10 Dead in Pennsylvania House Inferno

A fire engulfed a rural western Pennsylvania home, killing 10 people, most of them children, while the family patriarch worked an overnight shift.

The fire took the lives of several generations of the Peterson family, including a 40-year-old woman and nine victims under the age of 20. Two of the victims were infants.

Two family members escaped, including a young woman who jumped from the second floor and ran naked and screaming for help, authorities said. The roaring flames melted the siding on a neighboring house.

• Click here for photos.

The cause remains under investigation, but is not considered suspicious. There were space heaters in the home, authorities said.

State police identified the eldest victim as Kimberly Peterson, 40, and many of the victims as her children and grandchildren. Her husband, Douglas Peterson Jr., was at work in a nearby town.

All 10 victims were found inside the house.

Fire Chief Kris Benson said the front of the house was ablaze when he arrived at 2:50 a.m. and tried to enter through a side door, but was forced back by smoke and flames.

"This fire had a very, very good jump on us," the chief said.

State police identified the other victims as Rebecca Peterson, 17; Douglas Peterson III, 13; Isaac Peterson, 8; Grace Peterson, 6; Lillian Peterson, 11 months; Kaylin Watson, 4 months; Dominic Delullo, 4; Desirre Delullo, 2; and Jason Mowry, 19.

The survivors are Elizabeth Peterson, 20, and James Peterson, 11, authorities said.

"We know everybody, so it's like losing one of your own," said William Hrinia, mayor of the rural town of about 2,000 people, which is set among rolling hills and farmland 80 miles northeast of Pittsburgh.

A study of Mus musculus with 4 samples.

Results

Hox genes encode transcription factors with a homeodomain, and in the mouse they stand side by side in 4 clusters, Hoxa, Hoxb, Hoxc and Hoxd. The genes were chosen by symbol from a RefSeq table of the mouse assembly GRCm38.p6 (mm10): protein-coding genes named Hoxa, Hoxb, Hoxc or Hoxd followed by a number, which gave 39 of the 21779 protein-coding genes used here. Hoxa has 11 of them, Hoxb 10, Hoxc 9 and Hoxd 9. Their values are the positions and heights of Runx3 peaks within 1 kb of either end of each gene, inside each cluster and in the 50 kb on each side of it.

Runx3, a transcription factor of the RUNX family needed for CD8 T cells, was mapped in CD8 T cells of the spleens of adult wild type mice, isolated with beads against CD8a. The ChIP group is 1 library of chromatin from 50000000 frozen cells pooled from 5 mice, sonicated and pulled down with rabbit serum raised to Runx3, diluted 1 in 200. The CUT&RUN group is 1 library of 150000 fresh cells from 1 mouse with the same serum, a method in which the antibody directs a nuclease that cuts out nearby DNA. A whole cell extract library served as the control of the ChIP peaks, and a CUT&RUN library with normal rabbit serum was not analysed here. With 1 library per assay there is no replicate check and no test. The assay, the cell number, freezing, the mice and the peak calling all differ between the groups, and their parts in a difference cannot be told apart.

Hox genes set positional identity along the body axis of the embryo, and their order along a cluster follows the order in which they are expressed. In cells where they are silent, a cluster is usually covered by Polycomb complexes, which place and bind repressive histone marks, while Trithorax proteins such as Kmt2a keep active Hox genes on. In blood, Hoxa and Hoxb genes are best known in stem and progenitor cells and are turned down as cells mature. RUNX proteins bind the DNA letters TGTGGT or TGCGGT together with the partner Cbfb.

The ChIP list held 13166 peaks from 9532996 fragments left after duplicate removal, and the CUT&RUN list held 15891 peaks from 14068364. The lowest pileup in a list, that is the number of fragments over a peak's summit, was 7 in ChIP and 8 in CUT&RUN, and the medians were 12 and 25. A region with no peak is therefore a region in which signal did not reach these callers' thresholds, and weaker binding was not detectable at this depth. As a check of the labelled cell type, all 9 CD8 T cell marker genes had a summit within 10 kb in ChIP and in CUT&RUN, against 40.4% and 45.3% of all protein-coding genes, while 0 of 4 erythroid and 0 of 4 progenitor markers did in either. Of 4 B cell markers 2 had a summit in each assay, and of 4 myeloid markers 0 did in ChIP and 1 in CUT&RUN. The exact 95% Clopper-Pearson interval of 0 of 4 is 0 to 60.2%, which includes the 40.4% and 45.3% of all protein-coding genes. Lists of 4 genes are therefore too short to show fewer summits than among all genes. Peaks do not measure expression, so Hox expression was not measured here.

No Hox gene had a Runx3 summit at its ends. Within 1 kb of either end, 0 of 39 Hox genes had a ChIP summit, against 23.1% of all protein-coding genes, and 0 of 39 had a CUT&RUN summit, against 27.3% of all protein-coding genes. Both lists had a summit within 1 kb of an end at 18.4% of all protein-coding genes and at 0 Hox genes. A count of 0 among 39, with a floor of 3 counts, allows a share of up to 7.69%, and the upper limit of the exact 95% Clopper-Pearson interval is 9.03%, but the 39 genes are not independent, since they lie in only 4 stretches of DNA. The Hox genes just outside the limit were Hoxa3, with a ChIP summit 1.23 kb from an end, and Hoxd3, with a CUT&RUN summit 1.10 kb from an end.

The three generations lived together in the home, said family friend Carol Paruso.

"They were a tight family and they all took care of each other. That's who they were and that's what makes it so sad," Paruso said, speaking through tears. "They liked to go to church and do family things."

Firefighters brought in wood beams to fortify the structure. The house's facade was charred, leaving a view of the inside of the home, remnants of a front porch and a lopsided stove. Two children's bicycles sat in the rubble.

Jaime Hynds, a newspaper editor who lives across the street from the home, said she was awakened at about 2:30 a.m. by a naked woman shouting for help, her newspaper, The Courier-Express of DuBois, reported. The woman jumped from the second floor and ran to Hynds' home.

Douglas Peterson was working a job in another town when he learned about the fire. He arrived at the house around 4 a.m., officials said.

The home was on Pershing Avenue, a main drag lined with several other single-family homes.

Many residents work at the town's glass manufacturing plants, Owens Brockway Glass Containers, now part of Owens-Illinois Inc. Doug Peterson Jr. worked for the company until a few years ago.

Amy Glasl, principal of Brockway Elementary School, said three children in the family attended her school, two of whom died.

"They loved their kids, obviously. They had a lot of them," Glasl said. "They didn't have a whole lot (materially), but they had each other and that's what made them happy."

The small school district of just about 1,000 students has been hard-hit by the tragedy, Glasl said.

Glasl, who grew up with Doug Peterson Jr., said he had come from a large family himself. Kimberley Peterson was a homemaker, she said.

Letter carrier Bill Fustini, who lives nearby and delivered mail to the home, said his dog woke him up at about 2:30 a.m. When he saw the smoke, he called his son, a firefighter, who told him the home had gone up in flames.

"There was a little girl living in that house and she met me every day and she was the sweetest thing," Fustini said.